Business Day: Only some are free to speak their minds in South Africa

Only some are free to speak their minds in South Africa

by Steven Friedman

THE past few days have reminded us vividly that there are two South Africas, one much more democratic than the other. The democratic version we inhabit remains elusive for many in townships and shack settlements.

In the mainstream — inhabited by people with access to the national debate — some foreign journalists have battled to understand why US President Barack Obama’s visit triggered heated argument: they wanted to know why we were more anti-American than other places he visited. Some local voices joined in, denouncing some of their fellow South Africans for putting off foreign investors and sullying our name in the "civilised" world by complaining about Obama.

But the debate didn’t show that we are more or less hostile to the US than anywhere else. It showed that we are a diverse society in which many competing views vie to be heard. It also showed that, for some, disagreeing is safe and easy here and so more people do it. Contrary to those who yearn for a past in which dissent was kept under tight control, the fact that different people have differing views on Obama is a source of strength. Investors put money into many countries in which debates are heated, and there is no reason they should refuse to do it here because some people say some things others would prefer not to hear.

The debate on Obama’s visit is not unusual — challenges to government decisions are the norm here. The debate is often simplistic as it frequently reduces every problem to an attack on the government. But if its quality is open to doubt, its vigour is not.

Sadly, we were also reminded last week that a very different reality prevails where the poor live. The democratic spirit in the mainstream was of little help to Nkululeko Gwala, a housing activist and member of the shack-dweller organisation, Abahlali BaseMjondolo, who was murdered last week. According to Abahlali, the killing followed a meeting in which Gwala represented residents of the Cato Crest township, who barricaded streets while protesting against corruption, in a meeting with the local councillor. He is said to have asked "why houses were only going to party members and why ward committee members were receiving two or three houses". Abahlali says Gwala and other delegation members then asked for a meeting with the ward committee but, when they arrived, found African National Congress (ANC) and South African Communist Party members, even though they had said that they did not want to talk to political parties. It says the ANC members insisted "that this was ANC land and that the housing project was an ANC project and that they would make all decisions in the area and about the project". Gwala, it says, reacted by walking out.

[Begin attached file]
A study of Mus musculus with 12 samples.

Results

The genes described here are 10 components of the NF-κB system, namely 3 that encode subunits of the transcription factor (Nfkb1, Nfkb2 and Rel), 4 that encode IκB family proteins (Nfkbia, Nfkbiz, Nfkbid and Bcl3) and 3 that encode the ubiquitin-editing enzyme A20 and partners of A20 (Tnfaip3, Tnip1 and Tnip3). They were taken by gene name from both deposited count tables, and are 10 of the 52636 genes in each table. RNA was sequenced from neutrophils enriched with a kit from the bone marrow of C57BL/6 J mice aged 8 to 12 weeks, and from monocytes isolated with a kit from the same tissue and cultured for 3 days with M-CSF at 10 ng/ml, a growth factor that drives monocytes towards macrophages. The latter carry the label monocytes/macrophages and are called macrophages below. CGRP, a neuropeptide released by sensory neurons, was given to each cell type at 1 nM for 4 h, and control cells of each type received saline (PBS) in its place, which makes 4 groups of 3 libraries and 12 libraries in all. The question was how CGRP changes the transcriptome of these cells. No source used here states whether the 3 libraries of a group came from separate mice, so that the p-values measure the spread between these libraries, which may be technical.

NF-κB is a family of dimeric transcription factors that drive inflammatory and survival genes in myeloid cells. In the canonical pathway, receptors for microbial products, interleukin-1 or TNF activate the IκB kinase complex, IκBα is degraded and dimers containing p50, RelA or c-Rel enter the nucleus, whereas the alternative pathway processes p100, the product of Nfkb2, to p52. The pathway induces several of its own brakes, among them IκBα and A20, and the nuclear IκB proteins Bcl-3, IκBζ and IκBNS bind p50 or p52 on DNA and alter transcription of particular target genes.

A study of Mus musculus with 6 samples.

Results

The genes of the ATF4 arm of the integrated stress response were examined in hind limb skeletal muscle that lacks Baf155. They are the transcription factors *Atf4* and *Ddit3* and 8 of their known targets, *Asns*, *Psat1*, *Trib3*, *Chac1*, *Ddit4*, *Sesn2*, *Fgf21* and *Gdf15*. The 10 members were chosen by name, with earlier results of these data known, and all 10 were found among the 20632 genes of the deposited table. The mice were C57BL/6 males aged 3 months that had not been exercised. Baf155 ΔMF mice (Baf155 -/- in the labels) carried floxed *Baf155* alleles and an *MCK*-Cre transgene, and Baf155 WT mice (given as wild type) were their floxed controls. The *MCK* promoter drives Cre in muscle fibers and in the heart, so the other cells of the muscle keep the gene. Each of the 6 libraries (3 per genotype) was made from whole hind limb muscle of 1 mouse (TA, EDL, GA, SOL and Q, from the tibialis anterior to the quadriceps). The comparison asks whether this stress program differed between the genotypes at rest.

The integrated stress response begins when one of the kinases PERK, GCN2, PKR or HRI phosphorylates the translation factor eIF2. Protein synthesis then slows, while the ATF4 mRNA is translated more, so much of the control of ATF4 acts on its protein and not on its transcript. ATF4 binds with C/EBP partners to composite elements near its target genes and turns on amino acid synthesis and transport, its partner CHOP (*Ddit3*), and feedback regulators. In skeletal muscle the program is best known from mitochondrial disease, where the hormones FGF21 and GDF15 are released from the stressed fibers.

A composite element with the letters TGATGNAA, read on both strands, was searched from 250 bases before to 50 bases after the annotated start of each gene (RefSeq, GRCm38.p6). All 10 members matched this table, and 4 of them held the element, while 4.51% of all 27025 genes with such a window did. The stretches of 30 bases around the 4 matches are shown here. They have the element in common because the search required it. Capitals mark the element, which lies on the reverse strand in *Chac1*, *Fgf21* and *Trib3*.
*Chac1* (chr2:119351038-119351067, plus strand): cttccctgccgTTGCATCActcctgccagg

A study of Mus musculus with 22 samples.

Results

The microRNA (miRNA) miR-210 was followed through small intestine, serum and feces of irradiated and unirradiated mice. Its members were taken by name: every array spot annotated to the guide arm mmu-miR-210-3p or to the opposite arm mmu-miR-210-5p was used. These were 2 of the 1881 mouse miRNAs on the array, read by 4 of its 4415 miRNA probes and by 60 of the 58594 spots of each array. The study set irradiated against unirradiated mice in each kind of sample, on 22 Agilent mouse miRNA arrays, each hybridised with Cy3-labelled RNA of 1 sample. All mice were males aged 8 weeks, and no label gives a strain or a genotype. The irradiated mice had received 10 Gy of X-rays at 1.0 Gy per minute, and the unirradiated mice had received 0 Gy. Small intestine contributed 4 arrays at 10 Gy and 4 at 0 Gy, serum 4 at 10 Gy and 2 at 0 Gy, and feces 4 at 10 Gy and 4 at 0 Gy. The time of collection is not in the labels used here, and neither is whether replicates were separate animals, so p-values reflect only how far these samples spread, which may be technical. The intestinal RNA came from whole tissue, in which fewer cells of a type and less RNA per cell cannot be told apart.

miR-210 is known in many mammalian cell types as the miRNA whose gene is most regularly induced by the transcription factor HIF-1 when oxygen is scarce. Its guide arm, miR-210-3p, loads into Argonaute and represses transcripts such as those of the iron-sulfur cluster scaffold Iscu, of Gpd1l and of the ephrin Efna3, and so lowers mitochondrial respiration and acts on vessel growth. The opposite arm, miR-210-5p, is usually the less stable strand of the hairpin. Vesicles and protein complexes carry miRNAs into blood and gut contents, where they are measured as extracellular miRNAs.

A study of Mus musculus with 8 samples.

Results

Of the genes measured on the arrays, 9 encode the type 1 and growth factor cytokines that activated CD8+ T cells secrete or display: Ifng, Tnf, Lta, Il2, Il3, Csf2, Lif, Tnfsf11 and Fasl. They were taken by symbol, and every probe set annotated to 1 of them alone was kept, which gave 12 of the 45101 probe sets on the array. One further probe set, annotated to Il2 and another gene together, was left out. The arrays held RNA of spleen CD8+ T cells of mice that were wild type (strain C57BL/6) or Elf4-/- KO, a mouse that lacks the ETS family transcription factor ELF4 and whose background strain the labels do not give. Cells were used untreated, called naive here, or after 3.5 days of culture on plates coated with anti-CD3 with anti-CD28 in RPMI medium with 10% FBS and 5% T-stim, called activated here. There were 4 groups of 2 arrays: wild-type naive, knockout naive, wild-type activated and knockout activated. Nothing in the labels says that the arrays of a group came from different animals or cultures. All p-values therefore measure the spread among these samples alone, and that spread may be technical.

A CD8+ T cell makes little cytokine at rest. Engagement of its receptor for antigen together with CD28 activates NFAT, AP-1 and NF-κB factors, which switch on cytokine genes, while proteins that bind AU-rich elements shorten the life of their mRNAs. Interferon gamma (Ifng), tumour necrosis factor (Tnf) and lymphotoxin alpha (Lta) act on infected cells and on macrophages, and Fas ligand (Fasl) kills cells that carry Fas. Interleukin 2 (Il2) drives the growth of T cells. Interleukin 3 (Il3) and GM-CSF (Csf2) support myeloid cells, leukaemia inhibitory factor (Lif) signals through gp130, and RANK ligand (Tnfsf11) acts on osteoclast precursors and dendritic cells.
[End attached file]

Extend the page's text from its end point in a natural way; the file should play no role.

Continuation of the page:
Later that day, according to Abahlali, there was a protest during which a councillor’s house was burned down — it says its members were not responsible. In response, a municipal car on which the words "Community Participation" were painted drove through Cato Crest calling residents to a meeting chaired by Durban mayor James Nxumalo, and ANC Durban chairman Sibongeseni Dhlomo. The meeting, says Abahlali, was devoted to attacks on Gwala, who was accused of "making it difficult for the ANC to operate" and was said to be introducing a new political party. Dhlomo reportedly said that Gwala must leave Durban and urged residents to "protect the area".

Since Abahlali was subject to violent assault in 2009, it assumed that this was another call to attack its members. That night, Gwala was, Abahlali says, accosted by four men and shot 12 times.

The implication is obvious — someone took the verbal attack on Gwala and Abahlali to its logical conclusion and removed the activist forever.

Gwala is not the first housing activist to be murdered, nor is this an unusual example of violence against those who challenge local power-holders. On the contrary, it is part of a pattern in which political bosses see challenges to their authority as mortal threats and seek to crush them, which is why challenging political authority is often as difficult in the townships as it is easy in the suburbs.

Democratic politics is not impossible in the townships and shack settlements. The ANC has lost key by-elections in these areas, a clear sign that it is possible to challenge it at the polls and win without risking life and limb. But the contrast between the open debate over Obama and the appalling fate of Gwala shows that the democracy freely available to some is less a reality to others.

This may change if more competitive party politics makes the votes of the poor more valuable, forcing politicians to plead rather than bully, and organisations such as Abahlali grow.

Until then, it might help democracy’s growth if some of the freedom available in the mainstream debate was used to defend the right to speak of millions at the grassroots.